James Lawrence and Irène Lopez— February 2020

Dominique Pardo, head of Global IT Services at Total, highlights the pivotal role that digital teams are playing in the energy giant’s metamorphosis.

‘Business transformation’ is a term loosely applied to the ambitions of many large organizations today, when in reality many are doing little more than making tactical adjustments around the edges of their business models. However, if you’re an energy player at the level of Total, the world’s sixth-largest oil and gas company, superficial change is simply not an option.

The French giant, whose sales hit $209 billion in 2018, fully recognizes the business and environmental imperatives that require a dramatic shift away from its traditional carbon-intensive fuel sources towards cleaner, more sustainable energy. And underpinning that fundamental business metamorphosis is a far-reaching digital transformation program.

“The group’s purpose is to provide the cleanest, most affordable energy possible to the largest number of people on the planet,” states Dominique Pardo, president of Total Global IT Services, the company’s 5,000-strong tech subsidiary. “Digital technology is a lever for [business] transformation and we are investing to transform our group.”

This involves supporting a growing focus on developing renewable and low-carbon energy sources, he explains — with each new area of operations the equivalent of absorbing a new business into the existing organization. “For us, our ‘energy transition’ has already begun,” says Pardo. That spans the production of low-carbon electricity from gas, the construction of solar power plants and wind farms, the capture, storage and recovery of CO2, and the creation of natural carbon sinks such as forests or wetlands. “These are major transformations, since we are creating/acquiring new businesses and gradually integrating them,” he says.
Essential forces

None of this could happen without the digital transformation that is happening in parallel, Pardo stresses. “We have made a lot of progress in our digital activities,” he says. “And we are providing all the IT building blocks that are necessary to do this [transformation],” he says. IT may have been an essential component in business for the past half century, but now as a lever for business transformation “it is becoming increasingly essential.”

Pardo cites several major initiatives that are helping to drive the pace of business change. “We have set up a research center that leverages digital technology. We have a program called Refinery 4.0. And “We are creating a ‘digital factory’ as a means to accelerate the spread of digital capabilities within Total’s multiple businesses,” he says.

The challenge with digital is not necessarily a technological one, he emphasizes. The challenge lies in how well the business units can adopt and absorb digital innovation — which is where the digital factory can help. And ultimately, it is a transformation in the way digital is applied that will enable improvements in business performance, he says.


A critical path to making that digital journey successful, explains Pardo, is finding the right balance between legacy systems and the ability to offer game-changing new technologies to the business. “Each generation has seen programs and IT applications that have come into the organization and need to be managed by IT,” he says. “But the leverage comes from the capacity to manage our existing IT while offering users new services — the ability to use technologies such as cloud, the ability to use data platforms, for example, the ability to use DevOps platforms or artificial intelligence.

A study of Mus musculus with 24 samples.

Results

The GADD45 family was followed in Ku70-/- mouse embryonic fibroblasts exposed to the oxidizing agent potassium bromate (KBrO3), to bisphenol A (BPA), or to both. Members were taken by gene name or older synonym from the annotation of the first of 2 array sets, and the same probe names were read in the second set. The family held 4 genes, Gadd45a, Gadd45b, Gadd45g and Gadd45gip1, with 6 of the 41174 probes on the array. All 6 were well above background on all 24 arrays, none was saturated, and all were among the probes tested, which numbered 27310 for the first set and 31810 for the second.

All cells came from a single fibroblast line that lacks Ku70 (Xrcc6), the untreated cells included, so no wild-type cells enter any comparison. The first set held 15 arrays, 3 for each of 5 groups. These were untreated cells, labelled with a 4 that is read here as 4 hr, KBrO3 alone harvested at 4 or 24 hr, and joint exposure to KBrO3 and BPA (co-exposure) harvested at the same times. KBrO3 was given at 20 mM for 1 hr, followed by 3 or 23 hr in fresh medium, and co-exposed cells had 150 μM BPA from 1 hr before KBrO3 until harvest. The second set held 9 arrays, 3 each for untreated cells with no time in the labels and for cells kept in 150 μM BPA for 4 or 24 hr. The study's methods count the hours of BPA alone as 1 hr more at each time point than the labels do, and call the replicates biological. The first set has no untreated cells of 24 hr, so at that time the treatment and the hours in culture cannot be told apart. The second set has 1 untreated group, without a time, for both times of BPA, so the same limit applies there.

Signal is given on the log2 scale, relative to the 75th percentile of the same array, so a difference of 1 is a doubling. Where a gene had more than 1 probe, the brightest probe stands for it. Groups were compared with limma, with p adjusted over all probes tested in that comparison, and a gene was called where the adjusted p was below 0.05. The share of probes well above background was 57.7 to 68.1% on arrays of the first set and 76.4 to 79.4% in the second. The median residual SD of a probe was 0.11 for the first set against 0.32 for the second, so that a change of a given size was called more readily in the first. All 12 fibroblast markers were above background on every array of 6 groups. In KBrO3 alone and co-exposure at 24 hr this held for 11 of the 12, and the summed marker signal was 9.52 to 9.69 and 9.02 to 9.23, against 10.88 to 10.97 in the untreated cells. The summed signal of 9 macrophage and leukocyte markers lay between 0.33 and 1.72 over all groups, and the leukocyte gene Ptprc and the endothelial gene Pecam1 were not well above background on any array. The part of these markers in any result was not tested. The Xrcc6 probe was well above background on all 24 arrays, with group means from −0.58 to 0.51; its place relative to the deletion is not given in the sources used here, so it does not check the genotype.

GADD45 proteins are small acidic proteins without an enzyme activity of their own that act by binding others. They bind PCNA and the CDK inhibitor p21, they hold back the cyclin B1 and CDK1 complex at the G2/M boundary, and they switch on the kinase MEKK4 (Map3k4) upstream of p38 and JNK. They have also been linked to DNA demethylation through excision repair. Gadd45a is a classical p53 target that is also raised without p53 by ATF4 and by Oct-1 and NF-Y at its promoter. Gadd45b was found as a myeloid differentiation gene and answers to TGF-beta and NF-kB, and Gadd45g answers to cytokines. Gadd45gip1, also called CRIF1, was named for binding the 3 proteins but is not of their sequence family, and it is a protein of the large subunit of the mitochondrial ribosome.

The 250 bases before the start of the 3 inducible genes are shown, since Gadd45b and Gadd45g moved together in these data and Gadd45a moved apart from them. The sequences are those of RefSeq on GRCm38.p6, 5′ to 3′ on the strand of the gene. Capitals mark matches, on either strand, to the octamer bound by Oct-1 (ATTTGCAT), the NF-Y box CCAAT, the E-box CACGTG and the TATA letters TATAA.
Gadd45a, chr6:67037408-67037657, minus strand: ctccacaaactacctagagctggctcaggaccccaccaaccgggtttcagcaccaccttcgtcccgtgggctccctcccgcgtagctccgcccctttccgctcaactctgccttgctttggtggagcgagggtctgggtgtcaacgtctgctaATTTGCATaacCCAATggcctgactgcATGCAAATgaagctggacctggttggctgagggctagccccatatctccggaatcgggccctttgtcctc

“People say large organizations are dinosaurs compared to start-ups. But there are heaps of things that can lead to change and leave your people saying, ‘We can do this.’”

However, anyone who has ever attempted to lead a major transformation program within a large multinational like Total, with its 100,000 employees operating in 130 countries, will know that such projects can be fraught with the kinds of challenges that result from corporate inertia and bureaucratic red tape.


Pardo believes that overcoming such issues is less about the technology per se and more about having the right mindset — and that is particularly important for his IT team and how it interacts with the rest of the business. “People say large organizations are dinosaurs when compared to the likes of a dynamic start-up. They say, ‘Shifting them can’t be done,’” he says.

He clearly doesn’t share that opinion. “Of course, large groups have rules: there are HR rules, financial rules, legal rules and a whole framework and structure to respect. But within these rules, there is room for maneuver.”

He gives some examples of simple approaches he has deployed to push the transformation agenda. Hackathons, offsite brainstorms, collaborations with academia and start-ups on building alternative models and roadmaps are open to everyone, he says: “There are heaps of things like this that can lead to change and will leave your people saying, ‘We can do this.’”

First published
February 2020
As president of Global IT Services at Total, Dominique Pardo leads a team of 5,000 IT professionals located around the world — from Houston and Singapore to the energy company’s HQ in Paris. A mathematician by training, Pardo is passionate about the positive impact of digital innovation across all areas of business and society, with his current interests including voice-activation, workplace IT and artificial intelligence. Indeed, he obtained a master’s degree in AI during the technology’s formative years in the early 1980s.